I am a geek. This means I study everything. Before I see, hear, eat or participate in anything I try to find out as much about it as I can. This has always been my way of dealing with the unknown and it has worked well for me.
Until I became a mother.
I read lot of books about being pregnant and being a first-time Mom, but there were still enormous gaps in my knowledge. I didn’t realize it until the boys were born that what I should have done is read about crisis management and being cool under pressure. Military history would have been a more appropriate point of reference; those first few weeks, recovering from the cesarean, being home with one baby and having to find time to go to the Neo-natal Intensive Care Unit (NICU) to see the other, felt like a constant battle.
Most mothers of “multiples” feel so overwhelmed they ask for help within the first week of their babies’ lives. I had my husband and mother helping, but eventually she had to go home to the US and he had to go back to work. By then we were in the new apartment and both boys were home and healthy. It didn’t get any easier or less time-consuming.
In hindsight, I would give that stressful time another go if it meant I wouldn’t have to go through the real learning experience of finding out the boys have autism. We have a fairly strong handle on things now, but they will change again, that is the one thing I am certain of.
I have learned quite a lot over the last six years and with autistic children, it basically comes down to four main things:
- Sensory overload: everything is bigger, brighter, louder and more intense when it comes to the five senses. A kiss is a smooch, a hug is a vise grip, Christmas lights are a star-filled night and music on the radio invades every inch of surrounding space. These kids overreact because they are responding in kind to the world around them. That is how it presents itself to them. They cannot tone it down and it starts form the moment they wake up to the moment they fall asleep. This also gives them a very short attention span and short-term memory. You can’t get annoyed if they ask you where you are going for lunch five minutes after you tell them because they honestly can’t remember. By the time you have answered them the first time they are probably already asking about something else they noticed and everything else is forgotten. The amazing thing is they will remember entire conversations and situations for days, maybe even weeks, and talk about them again at some random future date. Timelines don’t mean much to these kids: everything happens in the moment.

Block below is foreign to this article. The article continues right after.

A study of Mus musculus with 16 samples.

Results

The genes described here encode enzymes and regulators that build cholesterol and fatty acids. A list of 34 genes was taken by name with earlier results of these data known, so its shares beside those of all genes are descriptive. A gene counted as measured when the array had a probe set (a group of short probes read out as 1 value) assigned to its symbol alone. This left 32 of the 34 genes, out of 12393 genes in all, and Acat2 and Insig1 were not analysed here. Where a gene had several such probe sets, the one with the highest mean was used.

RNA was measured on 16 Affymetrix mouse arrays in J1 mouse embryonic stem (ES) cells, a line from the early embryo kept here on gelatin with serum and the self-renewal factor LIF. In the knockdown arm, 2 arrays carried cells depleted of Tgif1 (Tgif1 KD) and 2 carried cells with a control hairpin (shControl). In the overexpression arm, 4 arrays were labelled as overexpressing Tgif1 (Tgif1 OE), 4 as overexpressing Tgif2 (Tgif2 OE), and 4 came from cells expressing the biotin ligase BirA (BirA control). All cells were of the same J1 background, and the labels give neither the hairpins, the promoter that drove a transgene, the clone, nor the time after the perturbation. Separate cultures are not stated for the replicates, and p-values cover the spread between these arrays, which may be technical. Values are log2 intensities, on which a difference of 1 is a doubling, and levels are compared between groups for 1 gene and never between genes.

- Emotional Overload: because of the heightened atmosphere around them, autistic kids feel everything intensely. The positive side of this constant excess is that no matter how many times they do or see something or someone they love, it is every bit as wonderful as the first time. When they squeal with delight they mean it, when they laugh out loud they are not doing it to make anyone else feel better and when they say something is yummy they mean “YUMMY!” The negative side, obviously, is that sadness is misery, fear is terror, anger is rage and worry is heartbreak for these kids. They are not being histrionic if they call you twenty minutes after you put them to bed and say they thought you had disappeared. They really did, and they were honestly scared.
- They have no shield: these children, for the most part, no matter how functional or adapted they may be, will never truly understand life’s subtleties. Whether it’s irony in someone’s tone or a slight facial contortion which obviously means a specific emotion to everyone else but which they have never seen before, the little details will befuddle them. They think in literal terms. They love order and routine and any change can be anywhere from annoying to mind-blowing. That is why so many of them can’t look people in the eye. Even mothers and fathers find themselves saying “look at me” when they know full well these children feel intruded upon whenever they make eye contact. There is no real distance between them and the world around them. It always feels like the colors, sounds and shapes are somehow coming toward them. They are hyper-sensitive to touch. They like their space and they want to control it at all times. They will learn to adapt, but they have to be taught how, one situation at a time.
So, parents of autistic kids, don’t feel bad if it feels like the thousandth time you have told your son or daughter to not shout so loudly, or not to touch everything which attracts them or tell strangers everything going through their minds. They have no filter. That will be taught how to respond to given situations. Each one will have its set of rules and assigned behaviors. Each conversation may involve repetition of things you have already explained. One day it should click into place and the next lesson will come up. How to use a public restroom, how to talk to teachers, even how to behave in the grocery store, it is all one lesson at a time.
The most important thing is to remember they can learn and you can teach them. No matter how trivial what you are telling them may seem to you, it is all important to them. You are their guide and their protector. No-one else can fulfill that role as well as a beloved Mom or Dad, even when you make mistakes.
Feature image courtesy of Flickr, Thomas James Caldwell.